Friday Nov 26, 2021
KARACHI: Protests by builders erupted on Friday on Shahrah-e-Faisal following orders by Chief Justice of Pakistan Gulzar Ahmed to demolish Nasla Tower within a week.
A protest call was given a day ago by Association of Builders And Developers (ABAD) Chairman Mohsin Shaikhani. The association has declared that work on any of its construction sites will remain halted. It maintains that the builders were in possession of no-objection certificates and despite that, the demolition work on Nasla Tower was ordered.
The protesters, who had gathered in large numbers in the afternoon hours, attempted to stop the demolition work. As a result, the flow of traffic was severely affected on the road considered to be the city's main artery.
Contingents of police and Rangers were deployed to the site of the protest to disperse the demonstrators. They baton-charged the crowd and used tear gas shells in an attempt to dissuade it from blocking the roads or resorting to violence.
According to traffic police, the track from Shahrah-e-Faisal to Shahrah-e-Qaideen started to become choked and as protesters continued to advance, they had no choice but to use force and fire teargas shells. The protesters, however, insist that they were gathered peacefully and even then were subjected to the use of force.
Shaikhani, according to Geo News, was injured and was seen limping away. He tried to speak to the media but it appears law enforcement officers did not allow any media talk as they continued to try and clear the road.
ABAD member Owais Thanvi, speaking to Geo News, protested against the building's demolition despite the builders having obtained an NOC and against a baton-charge by the police on what he termed peaceful protesters.
He said the NOC had been obtained from Sindh Building Control Authority (SBCA). "Tell us the name of the institution where we can obtain a (permissible) NOC then," he said.
"If there was a problem, why did SBCA grant us an NOC then?" he asked.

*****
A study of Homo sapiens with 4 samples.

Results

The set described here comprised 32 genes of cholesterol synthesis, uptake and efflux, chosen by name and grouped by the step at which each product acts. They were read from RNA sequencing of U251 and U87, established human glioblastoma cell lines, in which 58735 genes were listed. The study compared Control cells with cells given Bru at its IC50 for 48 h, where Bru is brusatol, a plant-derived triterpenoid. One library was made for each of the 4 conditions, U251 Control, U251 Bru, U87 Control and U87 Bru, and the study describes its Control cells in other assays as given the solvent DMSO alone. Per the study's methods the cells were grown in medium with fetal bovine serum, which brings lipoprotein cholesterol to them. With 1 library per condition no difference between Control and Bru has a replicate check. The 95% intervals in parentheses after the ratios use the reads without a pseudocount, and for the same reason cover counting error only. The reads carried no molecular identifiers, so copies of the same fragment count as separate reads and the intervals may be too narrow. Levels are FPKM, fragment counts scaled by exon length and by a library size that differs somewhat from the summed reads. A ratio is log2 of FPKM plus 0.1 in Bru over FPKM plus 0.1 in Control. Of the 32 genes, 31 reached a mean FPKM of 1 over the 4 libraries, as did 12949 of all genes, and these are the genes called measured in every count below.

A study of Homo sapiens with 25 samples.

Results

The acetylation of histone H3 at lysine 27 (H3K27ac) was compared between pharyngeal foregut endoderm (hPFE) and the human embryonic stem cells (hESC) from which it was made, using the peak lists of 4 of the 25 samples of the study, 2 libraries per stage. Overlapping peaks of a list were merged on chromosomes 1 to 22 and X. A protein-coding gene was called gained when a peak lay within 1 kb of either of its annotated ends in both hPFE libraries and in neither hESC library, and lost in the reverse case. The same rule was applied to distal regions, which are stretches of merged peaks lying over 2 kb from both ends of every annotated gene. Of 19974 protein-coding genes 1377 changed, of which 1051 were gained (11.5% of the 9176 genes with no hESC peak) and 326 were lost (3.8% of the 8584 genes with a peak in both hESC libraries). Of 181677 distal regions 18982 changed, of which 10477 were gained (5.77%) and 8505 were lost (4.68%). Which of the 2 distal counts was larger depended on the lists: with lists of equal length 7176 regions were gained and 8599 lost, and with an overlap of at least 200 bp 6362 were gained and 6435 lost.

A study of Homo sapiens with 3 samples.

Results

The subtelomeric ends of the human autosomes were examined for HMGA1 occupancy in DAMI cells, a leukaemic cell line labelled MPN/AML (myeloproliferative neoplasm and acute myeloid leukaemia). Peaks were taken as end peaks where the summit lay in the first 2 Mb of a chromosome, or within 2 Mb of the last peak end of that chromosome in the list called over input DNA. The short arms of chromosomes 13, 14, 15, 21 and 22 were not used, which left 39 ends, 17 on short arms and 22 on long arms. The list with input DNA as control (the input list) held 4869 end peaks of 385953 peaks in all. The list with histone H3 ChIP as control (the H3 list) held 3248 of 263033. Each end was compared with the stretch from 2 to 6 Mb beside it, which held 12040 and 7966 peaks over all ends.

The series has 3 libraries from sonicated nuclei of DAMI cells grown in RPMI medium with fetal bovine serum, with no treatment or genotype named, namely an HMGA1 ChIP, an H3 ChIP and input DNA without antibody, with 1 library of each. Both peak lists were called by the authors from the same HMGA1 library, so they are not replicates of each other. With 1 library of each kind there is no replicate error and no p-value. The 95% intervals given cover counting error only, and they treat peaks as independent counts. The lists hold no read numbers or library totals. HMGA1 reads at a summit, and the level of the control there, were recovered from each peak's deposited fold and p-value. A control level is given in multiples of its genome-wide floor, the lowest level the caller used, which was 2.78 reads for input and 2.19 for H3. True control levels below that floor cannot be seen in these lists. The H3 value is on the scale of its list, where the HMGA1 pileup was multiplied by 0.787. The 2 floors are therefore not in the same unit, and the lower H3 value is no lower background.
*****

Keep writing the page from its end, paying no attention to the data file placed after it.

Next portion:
Thanvi said that people had invested billions into the project and now they are being "forced out of their homes".
The ABAD member said that the association wants Chief Minister Sindh Murad Ali Shah and other government members to speak to them.
He said he can attest to the ABAD chairman and other members of the association being baton-charged and to teargas shells being fired at them.
Thanvi said that if there is a regularisation law, then it must be implemented, as is done in Islamabad. "If Islamabad's buildings can be regularised, why not Karachi's?"
Meanwhile, demolition work by labourers on the 15-storey building, which consists of four parking and 11 residential levels, continued.
District administration, anti-encroachment staff, Rangers and police personnel are currently present on the spot to continue monitoring the situation and to maintain law and order.
The police have established a "red line", a point that is within 200 metres of the tower, beyond which they are not allowing anyone to advance.
The flow of traffic, as of 6:30pm, remained affected in the tracks surrounding the tower, as can be seen in the Google Maps screenshot below:
Later in the evening, the police issued a statement saying that demolition work was underway and that the protesters have been instructed to keep a distance from the main road and the tower.
According to the police spokesperson, a separate area had been allotted to the protesters. The police had prevented the crowd from blocking Shahrah-e-Faisal, the spokesperson said.
"The protesters blocked the road and became an obstacle in the way of the work being carried out, so we had to resort to a baton charge," the spokesperson added.
The spokesperson claimed that "no one was injured" during the police action taken.
The road is now clear for traffic, the statement said.
Earlier in the day, the chief justice directed Karachi Commissioner Iqbal Memon to ensure the Nasla Tower building is razed to the ground within a week.
The chief justice ordered the Karachi commissioner to ensure the process is completed within the said time frame and a report is submitted as well.
"How soon till the process to destroy the building is completed?" asked the chief justice.
"I can provide no time frame for this," responded the Karachi commissioner. "Two hundred people are working on it."
In response, the chief justice told him to double the staff to "bring down the building". He wondered why authorities were demolishing the building from the ground first.
When Jamaat-e-Islami Karachi Ameer Hafiz Naeem appeared in court for the Nasla Tower demolition hearing, the chief justice told him bluntly: "We will not allow politics here."
Naeem asked the court to order the Sindh government to compensate the Nasla Tower affectees.
"Did you not listen to what milord said?" Justice Qazi Amin told the JI leader.
"What interest do you have in this building?" the chief justice asked Naeem.
Angered, the chief justice told the JI leader he would issue him a contempt of court notice. "No one is allowed to do politics in court," said Justice Ijaz Ul Ahsan. "Please leave the courtroom," he ordered Hafiz Naeem.